Collateral Value of FCC Broadcasting Licenses Less Uncertain After 10th Circuit Court of Appeals Ruling


The Federal Communications Commission (FCC), created by the Federal Communications Act of 1934 (FCA), is the sole source of licenses for the use of radio channels.  The FCA is clear that the owner of such a license may not transfer, assign or dispose of the license in any manner without the consent of the FCC, thus effectively prohibiting the grant of security interests under Article 9 of the Uniform Commercial Code (UCC) by licensees of FCC broadcast licenses.

For many years, however, the FCC has indicated its approval of security interests in the proceeds of FCC broadcast licenses.  A lender’s remedies against such collateral are obviously limited (e.g., the lender must wait to realize value on its collateral until an FCC-approved sale of the license by the licensee), but lenders have become comfortable with these limitations and underwrite their loans accordingly.

In the Tracy case, a lender made a pre-petition loan to the debtor, an FM radio station operator, secured by, among other property, the borrower’s general intangibles (the definition of which in the UCC would include FCC licenses) and proceeds.  After the debtor’s bankruptcy filing, the issue was not whether the lender had a security interest in the debtor’s FCC license – clearly it did not due the prohibition discussed above.  Rather, the issue was whether the lender had a security interest in the proceeds of the license as a result of section 552 of the Bankruptcy Code.

Section 552 of the Bankruptcy Code implements a concept well-known to secured lenders – property acquired by a bankrupt debtor is not subject to a pre-petition security interest.  With an eye on Section 552, a pre-petition judgment creditor in Tracy argued that the proceeds of an FCC license do not exist until such proceeds actually arise or are no longer speculative (such as when a contract for the sale of the license has been signed).  Since no such contract existed or was even contemplated at the time of Tracy’s bankruptcy, argued the judgment creditor, Section 552 prevents the lender’s pre-petition security interest from attaching to the license proceeds that would arise, if at all, only post-petition.  The Colorado bankruptcy court agreed, and the Federal district court in Colorado affirmed the bankruptcy court’s holding in a decision handed down in September, 2011.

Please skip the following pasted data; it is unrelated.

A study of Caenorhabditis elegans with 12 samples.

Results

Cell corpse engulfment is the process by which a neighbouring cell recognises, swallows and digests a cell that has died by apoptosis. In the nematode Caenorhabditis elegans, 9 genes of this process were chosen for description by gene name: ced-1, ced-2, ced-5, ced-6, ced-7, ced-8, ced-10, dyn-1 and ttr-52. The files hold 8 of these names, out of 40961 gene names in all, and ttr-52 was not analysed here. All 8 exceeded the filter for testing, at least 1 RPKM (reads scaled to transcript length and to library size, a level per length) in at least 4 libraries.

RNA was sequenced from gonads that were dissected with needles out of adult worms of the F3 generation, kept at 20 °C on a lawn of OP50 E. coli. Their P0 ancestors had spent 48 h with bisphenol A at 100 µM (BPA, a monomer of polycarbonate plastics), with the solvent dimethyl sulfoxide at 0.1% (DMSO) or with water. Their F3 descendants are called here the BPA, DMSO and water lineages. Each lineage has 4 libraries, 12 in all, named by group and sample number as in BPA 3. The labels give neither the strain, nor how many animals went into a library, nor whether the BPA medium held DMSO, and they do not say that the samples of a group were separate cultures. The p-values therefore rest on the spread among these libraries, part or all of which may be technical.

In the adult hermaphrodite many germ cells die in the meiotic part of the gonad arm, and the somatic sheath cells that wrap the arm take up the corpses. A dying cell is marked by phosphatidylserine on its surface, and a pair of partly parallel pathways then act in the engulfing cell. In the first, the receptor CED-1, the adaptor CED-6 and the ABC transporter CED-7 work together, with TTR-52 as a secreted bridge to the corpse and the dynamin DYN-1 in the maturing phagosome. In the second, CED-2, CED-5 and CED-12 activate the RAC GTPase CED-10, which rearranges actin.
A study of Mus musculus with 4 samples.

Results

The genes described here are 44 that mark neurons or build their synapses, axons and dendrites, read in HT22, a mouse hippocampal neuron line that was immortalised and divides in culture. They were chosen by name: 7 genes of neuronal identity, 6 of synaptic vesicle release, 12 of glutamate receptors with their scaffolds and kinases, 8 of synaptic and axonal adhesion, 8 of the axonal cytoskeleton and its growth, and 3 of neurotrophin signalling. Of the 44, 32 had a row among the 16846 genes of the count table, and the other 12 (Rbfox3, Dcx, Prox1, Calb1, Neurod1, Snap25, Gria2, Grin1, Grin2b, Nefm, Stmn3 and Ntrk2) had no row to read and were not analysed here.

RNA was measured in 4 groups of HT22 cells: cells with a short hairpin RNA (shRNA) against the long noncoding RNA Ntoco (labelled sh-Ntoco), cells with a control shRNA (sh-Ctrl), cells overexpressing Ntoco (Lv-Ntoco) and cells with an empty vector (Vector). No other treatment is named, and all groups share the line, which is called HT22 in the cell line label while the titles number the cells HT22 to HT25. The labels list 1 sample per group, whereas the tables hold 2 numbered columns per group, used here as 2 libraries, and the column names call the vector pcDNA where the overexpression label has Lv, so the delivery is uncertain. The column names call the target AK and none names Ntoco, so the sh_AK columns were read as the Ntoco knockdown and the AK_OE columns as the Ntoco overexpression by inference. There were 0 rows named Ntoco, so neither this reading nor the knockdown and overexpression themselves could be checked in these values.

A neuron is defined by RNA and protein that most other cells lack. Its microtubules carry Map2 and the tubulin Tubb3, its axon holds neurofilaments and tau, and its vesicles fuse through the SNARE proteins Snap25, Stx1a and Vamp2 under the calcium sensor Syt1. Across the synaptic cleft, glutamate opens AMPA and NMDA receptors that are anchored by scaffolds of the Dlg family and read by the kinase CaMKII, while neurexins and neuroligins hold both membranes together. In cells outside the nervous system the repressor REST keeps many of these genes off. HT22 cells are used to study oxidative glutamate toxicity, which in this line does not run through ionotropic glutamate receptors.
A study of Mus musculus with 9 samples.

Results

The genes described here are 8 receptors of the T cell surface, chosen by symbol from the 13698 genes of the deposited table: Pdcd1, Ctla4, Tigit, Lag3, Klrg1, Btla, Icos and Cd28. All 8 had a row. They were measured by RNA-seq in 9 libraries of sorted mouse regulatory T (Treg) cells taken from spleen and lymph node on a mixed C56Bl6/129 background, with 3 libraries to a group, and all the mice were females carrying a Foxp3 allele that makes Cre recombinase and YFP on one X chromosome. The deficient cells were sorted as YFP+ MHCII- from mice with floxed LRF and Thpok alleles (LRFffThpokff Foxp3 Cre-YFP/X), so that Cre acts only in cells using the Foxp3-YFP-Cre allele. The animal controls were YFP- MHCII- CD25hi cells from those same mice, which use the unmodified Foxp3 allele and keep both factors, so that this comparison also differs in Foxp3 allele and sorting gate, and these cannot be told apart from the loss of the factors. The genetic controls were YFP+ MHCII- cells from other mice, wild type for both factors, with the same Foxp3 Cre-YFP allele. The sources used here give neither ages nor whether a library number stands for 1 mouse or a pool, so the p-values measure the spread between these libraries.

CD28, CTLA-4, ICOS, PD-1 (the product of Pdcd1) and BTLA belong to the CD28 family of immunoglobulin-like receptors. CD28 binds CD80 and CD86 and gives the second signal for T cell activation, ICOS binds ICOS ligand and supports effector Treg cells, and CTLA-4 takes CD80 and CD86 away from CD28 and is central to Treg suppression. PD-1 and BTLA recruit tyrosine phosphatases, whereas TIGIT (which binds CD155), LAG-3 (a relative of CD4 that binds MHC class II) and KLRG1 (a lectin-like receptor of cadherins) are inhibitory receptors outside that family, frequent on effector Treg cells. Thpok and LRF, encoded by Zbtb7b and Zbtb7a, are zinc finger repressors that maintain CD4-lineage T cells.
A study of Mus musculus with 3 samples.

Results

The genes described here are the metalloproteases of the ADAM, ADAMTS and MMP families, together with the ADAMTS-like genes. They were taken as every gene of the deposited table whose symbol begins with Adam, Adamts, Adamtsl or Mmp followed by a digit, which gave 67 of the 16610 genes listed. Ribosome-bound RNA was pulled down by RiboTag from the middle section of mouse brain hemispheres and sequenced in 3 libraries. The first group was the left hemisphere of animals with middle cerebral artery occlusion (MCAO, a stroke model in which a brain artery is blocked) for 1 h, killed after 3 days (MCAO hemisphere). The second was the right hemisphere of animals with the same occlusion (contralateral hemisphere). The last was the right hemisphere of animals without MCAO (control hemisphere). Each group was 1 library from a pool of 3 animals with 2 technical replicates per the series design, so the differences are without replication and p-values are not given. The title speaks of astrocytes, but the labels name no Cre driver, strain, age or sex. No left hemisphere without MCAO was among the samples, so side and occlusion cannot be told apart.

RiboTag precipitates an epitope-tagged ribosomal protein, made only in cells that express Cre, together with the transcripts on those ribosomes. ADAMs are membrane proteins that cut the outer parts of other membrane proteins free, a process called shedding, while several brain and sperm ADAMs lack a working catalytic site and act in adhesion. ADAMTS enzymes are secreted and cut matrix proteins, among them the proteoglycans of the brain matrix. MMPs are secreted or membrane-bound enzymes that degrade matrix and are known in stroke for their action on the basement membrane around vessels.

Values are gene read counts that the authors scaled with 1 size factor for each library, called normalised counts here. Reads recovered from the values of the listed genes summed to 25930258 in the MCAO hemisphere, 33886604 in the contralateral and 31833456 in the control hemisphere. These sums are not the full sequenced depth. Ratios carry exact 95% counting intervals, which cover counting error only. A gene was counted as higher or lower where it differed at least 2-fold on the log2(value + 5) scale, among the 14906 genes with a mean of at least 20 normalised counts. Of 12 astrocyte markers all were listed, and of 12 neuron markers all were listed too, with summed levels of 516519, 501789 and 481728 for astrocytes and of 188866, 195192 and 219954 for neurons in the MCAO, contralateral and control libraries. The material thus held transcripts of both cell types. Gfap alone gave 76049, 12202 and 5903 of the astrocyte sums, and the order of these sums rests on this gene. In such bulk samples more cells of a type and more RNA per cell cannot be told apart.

These lower court rulings were quite unwelcome by broadcasters and the financial institutions that make loans to broadcasters secured by the proceeds of FCC licenses.  After all, if a lender’s security interest in such proceeds effectively can be cut off by a bankruptcy filing, there is little to no value in such a security interest, which in turn could result in restricted access to and higher cost of debt capital for broadcasters.

To the great relief of many, the 10th Circuit Court of Appeals stepped in to reverse the lower court rulings in a decision handed down on October 16th of this year.  The 10th Circuit essentially held that the proceeds of FCC licenses do not have to exist at the time a security interest in them is granted (or at any other time prior to the licensee’s bankruptcy filing) to be subject to a pre-petition security interest that cannot then be cut off by Section 552 of the Bankruptcy Code.

Based on the 10th Circuit’s ruling in Tracy and a similar ruling in 2011 by the prominent Southern District of New York bankruptcy court in the case of Sprint Nextel Corp. v. U.S. Bank Nat’l Ass’n (In re Terrestar Networks, Inc.), strong arguments exist for the wide-spread application of the court’s reasoning in Tracy.  However, since no courts outside of the 10th Circuit are required to follow Tracy, lenders with security interests in the proceeds of FCC licenses - or that contemplate taking such security interests - should continue to monitor this line of cases for possibly different outcomes in other parts of the country.